By Caitlin Giddens
Within 48 hours of running away from home, one in three young girls are at risk for human trafficking.
Slavery seems to be a forgotten struggle. But as members of Baylor’s International Justice Mission and other students discovered during their spring break mission trip in Houston, sex trafficking brings human slavery to a reality.
According to a 2009 International Labor Organization study, 12.3 million people are enslaved worldwide through human trafficking, and it’s a reality students are determined to change by educating Baylor and the community of its existence.
“Organizations in Houston are trying to build trust and empowerment for trafficking victims,” said Katy sophomore Kristina Miller, an International Justice Mission member who attended the trip. “They’re trying to restore victims so they won’t fall into the trafficking world they know.”
Houston has the second highest trafficking population in the country, closely trailing Los Angeles. But local city organizations are striving to end the epidemic.
“The reason Houston is so impressive in its anti-human trafficking strategy is that sectors that usually don’t communicate are working together,” said Paige Panter, VISTA for service-learning in the student activities department. “Federal prosecutors are collaborating with social workers to tackle modern day slavery from the criminal and victim end. The issue is so systemic, so wide-reaching that meaningful change will require several entities to do their part.”
During spring break, Baylor students met with the Houston Restore and Rescue Coalition to discuss its role in fighting trafficking.
“HRRC stressed the difference between smuggling foreigners and trafficking girls,” Miller said. “They’re not the same. But smuggling can become human trafficking.”
The students also met with prosecutors at the U.S. Attorney’s Office to learn how they prosecute traffickers.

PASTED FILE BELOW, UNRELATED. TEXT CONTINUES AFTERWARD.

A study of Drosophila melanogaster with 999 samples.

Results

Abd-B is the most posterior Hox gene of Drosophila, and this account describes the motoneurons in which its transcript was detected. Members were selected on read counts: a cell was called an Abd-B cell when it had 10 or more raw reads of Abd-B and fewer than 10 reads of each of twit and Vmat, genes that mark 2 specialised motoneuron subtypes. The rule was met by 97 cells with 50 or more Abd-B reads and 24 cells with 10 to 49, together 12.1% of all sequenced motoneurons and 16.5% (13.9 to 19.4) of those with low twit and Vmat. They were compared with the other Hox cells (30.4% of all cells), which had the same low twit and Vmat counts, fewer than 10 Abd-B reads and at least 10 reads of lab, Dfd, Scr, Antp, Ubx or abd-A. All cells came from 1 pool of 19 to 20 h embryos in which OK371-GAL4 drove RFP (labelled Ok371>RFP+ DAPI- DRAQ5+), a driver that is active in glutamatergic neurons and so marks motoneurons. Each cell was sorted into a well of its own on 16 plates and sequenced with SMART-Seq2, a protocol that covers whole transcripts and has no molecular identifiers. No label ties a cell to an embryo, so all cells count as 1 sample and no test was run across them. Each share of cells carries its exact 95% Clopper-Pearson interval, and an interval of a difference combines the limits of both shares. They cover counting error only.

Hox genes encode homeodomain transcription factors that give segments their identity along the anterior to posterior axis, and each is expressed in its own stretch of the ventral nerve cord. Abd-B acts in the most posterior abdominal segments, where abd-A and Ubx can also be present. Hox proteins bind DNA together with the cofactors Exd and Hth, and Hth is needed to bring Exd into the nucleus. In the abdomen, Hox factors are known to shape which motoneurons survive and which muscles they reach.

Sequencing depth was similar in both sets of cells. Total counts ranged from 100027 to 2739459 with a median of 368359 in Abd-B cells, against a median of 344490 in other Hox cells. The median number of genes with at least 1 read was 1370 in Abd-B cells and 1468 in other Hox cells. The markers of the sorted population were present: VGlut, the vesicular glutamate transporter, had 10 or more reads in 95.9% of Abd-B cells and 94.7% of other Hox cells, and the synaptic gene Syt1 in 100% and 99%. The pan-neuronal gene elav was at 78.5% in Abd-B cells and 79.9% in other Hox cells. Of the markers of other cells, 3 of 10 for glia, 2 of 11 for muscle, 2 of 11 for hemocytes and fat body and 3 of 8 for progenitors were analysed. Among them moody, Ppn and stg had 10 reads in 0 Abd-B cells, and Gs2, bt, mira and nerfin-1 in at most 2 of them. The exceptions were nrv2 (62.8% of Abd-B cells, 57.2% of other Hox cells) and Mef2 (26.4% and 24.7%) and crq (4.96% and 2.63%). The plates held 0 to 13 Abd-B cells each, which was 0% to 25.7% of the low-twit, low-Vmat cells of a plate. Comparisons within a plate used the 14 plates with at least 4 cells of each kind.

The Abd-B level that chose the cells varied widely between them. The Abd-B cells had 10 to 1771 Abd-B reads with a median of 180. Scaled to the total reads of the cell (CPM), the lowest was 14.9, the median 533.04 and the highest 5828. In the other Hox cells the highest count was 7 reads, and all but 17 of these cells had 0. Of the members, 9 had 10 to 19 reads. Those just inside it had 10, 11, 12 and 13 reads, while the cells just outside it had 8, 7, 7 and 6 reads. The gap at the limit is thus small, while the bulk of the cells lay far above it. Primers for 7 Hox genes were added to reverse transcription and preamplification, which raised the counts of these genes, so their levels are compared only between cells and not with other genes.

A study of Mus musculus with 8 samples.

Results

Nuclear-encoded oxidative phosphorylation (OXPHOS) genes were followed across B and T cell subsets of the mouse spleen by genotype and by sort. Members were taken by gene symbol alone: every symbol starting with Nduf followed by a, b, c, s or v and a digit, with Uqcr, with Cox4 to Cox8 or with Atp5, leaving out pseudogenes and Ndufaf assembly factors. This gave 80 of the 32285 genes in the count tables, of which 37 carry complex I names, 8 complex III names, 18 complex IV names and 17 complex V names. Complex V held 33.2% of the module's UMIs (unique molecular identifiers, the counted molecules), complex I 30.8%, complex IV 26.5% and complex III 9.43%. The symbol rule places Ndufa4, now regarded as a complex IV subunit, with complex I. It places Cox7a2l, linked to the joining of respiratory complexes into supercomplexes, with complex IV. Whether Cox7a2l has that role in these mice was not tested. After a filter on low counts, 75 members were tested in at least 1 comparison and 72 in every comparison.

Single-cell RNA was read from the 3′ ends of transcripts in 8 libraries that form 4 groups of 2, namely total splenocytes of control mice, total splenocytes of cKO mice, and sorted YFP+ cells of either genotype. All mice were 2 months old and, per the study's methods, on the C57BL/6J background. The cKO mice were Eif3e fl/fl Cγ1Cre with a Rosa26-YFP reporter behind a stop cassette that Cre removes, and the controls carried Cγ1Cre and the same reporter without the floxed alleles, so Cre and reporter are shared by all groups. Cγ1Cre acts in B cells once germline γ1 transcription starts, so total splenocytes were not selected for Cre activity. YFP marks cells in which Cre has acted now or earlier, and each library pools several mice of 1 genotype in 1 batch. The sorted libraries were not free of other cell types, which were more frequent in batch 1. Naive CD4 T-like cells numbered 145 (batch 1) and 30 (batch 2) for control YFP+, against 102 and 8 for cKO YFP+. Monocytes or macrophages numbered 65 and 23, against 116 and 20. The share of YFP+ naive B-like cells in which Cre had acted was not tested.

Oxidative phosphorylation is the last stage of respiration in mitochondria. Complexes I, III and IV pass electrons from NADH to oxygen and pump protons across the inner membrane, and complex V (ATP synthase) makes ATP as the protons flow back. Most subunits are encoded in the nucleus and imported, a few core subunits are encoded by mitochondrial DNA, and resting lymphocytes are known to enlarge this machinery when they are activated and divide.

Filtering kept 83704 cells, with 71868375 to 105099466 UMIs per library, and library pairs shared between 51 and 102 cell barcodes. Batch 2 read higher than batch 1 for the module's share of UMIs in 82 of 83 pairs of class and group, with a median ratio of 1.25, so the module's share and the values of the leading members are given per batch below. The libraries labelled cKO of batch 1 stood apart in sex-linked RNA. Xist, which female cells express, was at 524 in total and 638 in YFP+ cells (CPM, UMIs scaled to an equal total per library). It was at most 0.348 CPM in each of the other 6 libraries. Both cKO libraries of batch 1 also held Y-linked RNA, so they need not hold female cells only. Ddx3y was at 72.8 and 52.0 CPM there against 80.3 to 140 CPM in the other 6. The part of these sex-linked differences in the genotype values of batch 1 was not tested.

Miller said there is a lack of sympathy for trafficking victims, as smuggling and prostitution evoke judgment in much of society.
“Just because they’re foreigners or considered prostitutes doesn’t mean they don’t deserve sympathy,” Miller said.
“It probably wasn’t their choice to be sexually exploited. That’s why we’re striving to change how society sees these women because they’re victims.”
While in Houston, Baylor students also met with the local YMCA to learn about the services provided to trafficked persons.
“They actually work with victims and try to restore them,” Miller said. “Providing an education is really important because many trafficked persons are foreigners. The YMCA in Houston also tries to improve the perspective victims have of relationships with men.”
Because nearly every man these victims have encountered has sexually exploited them, the victims’ perspective of the opposite gender is distorted. Even if victims survive human trafficking, they may be permanently weary of men. But the YMCA is Houston is striving to redefine the role men play in these women’s lives.
“How can you ever enter the work world when you have a hatred and fear of men?” Miller asked.
“That’s why the YMCA tries to build victims’ trust.”
Baylor students also learned the suspicious signs of businesses that serve as a trafficking front, such as a 24-hour massage parlor.
“Obviously there can’t be numerous 24-hour massage parlors and karaoke bars on the low-income streets of Houston,” Miller said. “That’s when education of human trafficking is most important. The police may not be able to bust them for trafficking since it’s difficult to prosecute, but they can investigate the business for money laundering or other offenses.”
As students learned at prosecutor Ed Gallagher’s office, the legal perspective of fighting human trafficking is also essential.
“This cause isn’t just for social workers,” Miller said. “[Gallagher is] committed to prosecuting these crimes and helping victims.”
Gallagher opened the conversation by briefing students on recent trafficking cases and discussing the statistics of sexual exploitation.
The trafficking epidemic doesn’t just involve statistics, but real stories of real people.
“Because there is not a single, universally-held definition of trafficking, and trafficking comes in several forms, we encountered instances of unreliable data,” Panter said.
“Whether they are on the low or high end, the numbers are staggering. Still, we’ve found it to be more useful to focus on the stories of victims rather than the number. Statistics don’t probe conversation and constructive dialogue in the way that stories do.”
And Baylor students discovered in Houston that starting the conversation about human trafficking is the first step. The trafficking battle that lies ahead may be daunting, but Sugar Land junior Alex Scheibner gained positivity from the Houston mission trip.
“While the human trafficking situation in Houston is enormous, organizations are working very well together,” Scheibner said. “There’s also enormous progress in preventing trafficking throughout the last decade. The statistics may cause hopelessness, but these organizations in Houston are bringing hopefulness.”